Herbaceous peonies are a common sight in many gardens and some of the most beautiful flowers you will find. They belong to the genus Paeonia which is native to Asia, Europe, and Western North America. They have been cultivated in Asia for more than 2,000 years. These cultivated peonies were brought to Europe and later the United States around 1800. In addition to their beauty, they can be quite long-lived. Many plants have been growing and flowering for more than 50 years and some plantings have been recorded to be over 100 years old.
Halloween is a time of trick-or-treating, witches, ghouls, and ghosts. When it comes to plants, we typically think of pumpkins. Carnivorous plants may also come to mind, what could be scarier than a plant turning the tables and eating insects? There are plenty of other ‘spooky and scary’ plants out there to help get you in the mood.
The garden catalogs are coming thick and fast this time of year. There may be no better way to beat the winter blues than to thumb through these catalogs and start planning this year’s garden (it will be time to start seeds before you know it). While making plans for this year’s garden, take some time to review your notes from last year. What varieties and cultivars did you grow last year? What produced well, what didn’t? What tasted good, what didn’t?
The weather this year has been a bit of a roller coaster. One day it feels like spring, and the next, we are reminded that we’re still in the middle of winter. Despite some of the warmer temperatures we’ve had this year, we still have a way to go before the warm weather sticks around for the long haul (the median last frost date in Jacksonville is April 19).
When we think of the typical home landscape, our garden areas are usually separated by the type of plant being grown. We have a separate bed for flowers and ornamental plants, one for vegetables and one for herbs. Often the vegetable and herb gardens are tucked away in the backyard and out of view from the neighbors. However, in recent years there has been an increasing trend to incorporate edible food crops into landscapes or edible landscaping.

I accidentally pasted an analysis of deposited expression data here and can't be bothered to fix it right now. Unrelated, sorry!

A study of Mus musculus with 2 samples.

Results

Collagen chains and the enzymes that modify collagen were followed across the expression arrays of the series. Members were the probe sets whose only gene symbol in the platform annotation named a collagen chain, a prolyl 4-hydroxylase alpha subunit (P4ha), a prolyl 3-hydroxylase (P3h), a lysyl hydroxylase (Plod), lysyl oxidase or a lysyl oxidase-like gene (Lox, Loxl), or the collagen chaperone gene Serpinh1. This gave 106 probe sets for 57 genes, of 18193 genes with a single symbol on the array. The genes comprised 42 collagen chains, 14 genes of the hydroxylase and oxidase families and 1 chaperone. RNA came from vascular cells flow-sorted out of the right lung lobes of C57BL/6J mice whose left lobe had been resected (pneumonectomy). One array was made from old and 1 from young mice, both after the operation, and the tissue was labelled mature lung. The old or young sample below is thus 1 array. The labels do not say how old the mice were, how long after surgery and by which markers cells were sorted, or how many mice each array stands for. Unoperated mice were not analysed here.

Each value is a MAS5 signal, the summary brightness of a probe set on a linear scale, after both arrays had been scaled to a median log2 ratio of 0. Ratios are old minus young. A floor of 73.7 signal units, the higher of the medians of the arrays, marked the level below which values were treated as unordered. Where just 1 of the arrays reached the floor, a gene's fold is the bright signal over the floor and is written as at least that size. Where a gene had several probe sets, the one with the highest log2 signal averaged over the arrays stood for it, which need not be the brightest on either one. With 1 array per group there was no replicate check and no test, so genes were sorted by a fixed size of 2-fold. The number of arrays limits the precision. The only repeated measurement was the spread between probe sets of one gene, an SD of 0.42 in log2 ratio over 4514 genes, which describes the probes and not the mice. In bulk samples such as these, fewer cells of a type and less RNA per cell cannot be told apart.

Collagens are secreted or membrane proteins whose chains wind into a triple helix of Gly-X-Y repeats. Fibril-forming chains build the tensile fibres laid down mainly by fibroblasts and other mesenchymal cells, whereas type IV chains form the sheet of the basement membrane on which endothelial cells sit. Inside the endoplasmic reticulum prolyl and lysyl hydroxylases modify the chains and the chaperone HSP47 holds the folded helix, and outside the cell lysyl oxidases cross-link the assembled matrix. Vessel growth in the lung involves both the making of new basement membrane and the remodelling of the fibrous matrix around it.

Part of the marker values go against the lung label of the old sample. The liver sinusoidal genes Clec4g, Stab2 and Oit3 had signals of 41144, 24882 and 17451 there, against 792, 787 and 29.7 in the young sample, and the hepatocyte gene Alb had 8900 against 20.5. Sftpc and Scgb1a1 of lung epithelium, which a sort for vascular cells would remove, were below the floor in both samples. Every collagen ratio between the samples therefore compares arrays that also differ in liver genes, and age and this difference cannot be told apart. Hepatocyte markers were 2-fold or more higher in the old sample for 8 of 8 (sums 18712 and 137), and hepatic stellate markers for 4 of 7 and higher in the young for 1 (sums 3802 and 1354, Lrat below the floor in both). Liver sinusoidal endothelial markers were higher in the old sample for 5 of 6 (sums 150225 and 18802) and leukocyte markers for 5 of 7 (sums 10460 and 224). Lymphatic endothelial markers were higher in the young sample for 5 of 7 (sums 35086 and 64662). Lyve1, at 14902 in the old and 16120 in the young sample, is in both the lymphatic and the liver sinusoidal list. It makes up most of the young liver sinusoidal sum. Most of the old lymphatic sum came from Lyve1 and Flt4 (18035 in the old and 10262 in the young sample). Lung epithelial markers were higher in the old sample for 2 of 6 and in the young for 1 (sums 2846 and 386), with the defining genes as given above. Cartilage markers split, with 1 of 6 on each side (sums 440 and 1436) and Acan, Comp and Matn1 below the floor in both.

Spring is finally here, March 19, to be exact (the earliest it's been in 124 years). Many of us are finding ourselves spending more time at home. Many of us are also looking forward to gardening, in many cases for the first time. In the coming weeks, we'll (Chris, Katie, and I) be doing additional articles on Starting a Garden. Seed starting is a popular way to kick-off the gardening season. If you've never started your seeds before, there are several advantages to doing so.
When it comes to bulbs, this time of year (fall), much of our attention is focused on getting ready to plant spring-blooming bulbs, and rightfully so. From crocus and daffodils to tulips and alliums, these plants provide a burst of color early in the year before many of our landscape plants begin blooming. While spring blooming bulbs get most of the attention, there are some bulbs that will bloom in the fall that can also provide a splash of color.
Have you ever gone a little overboard buying plants and run out of room or energy to plant them all in the fall and figured it could wait until spring, only to find out most, or all have died? Or maybe you’ve had a container planter with perennials and excitedly waited for them to resume growth in the spring, but it never happened.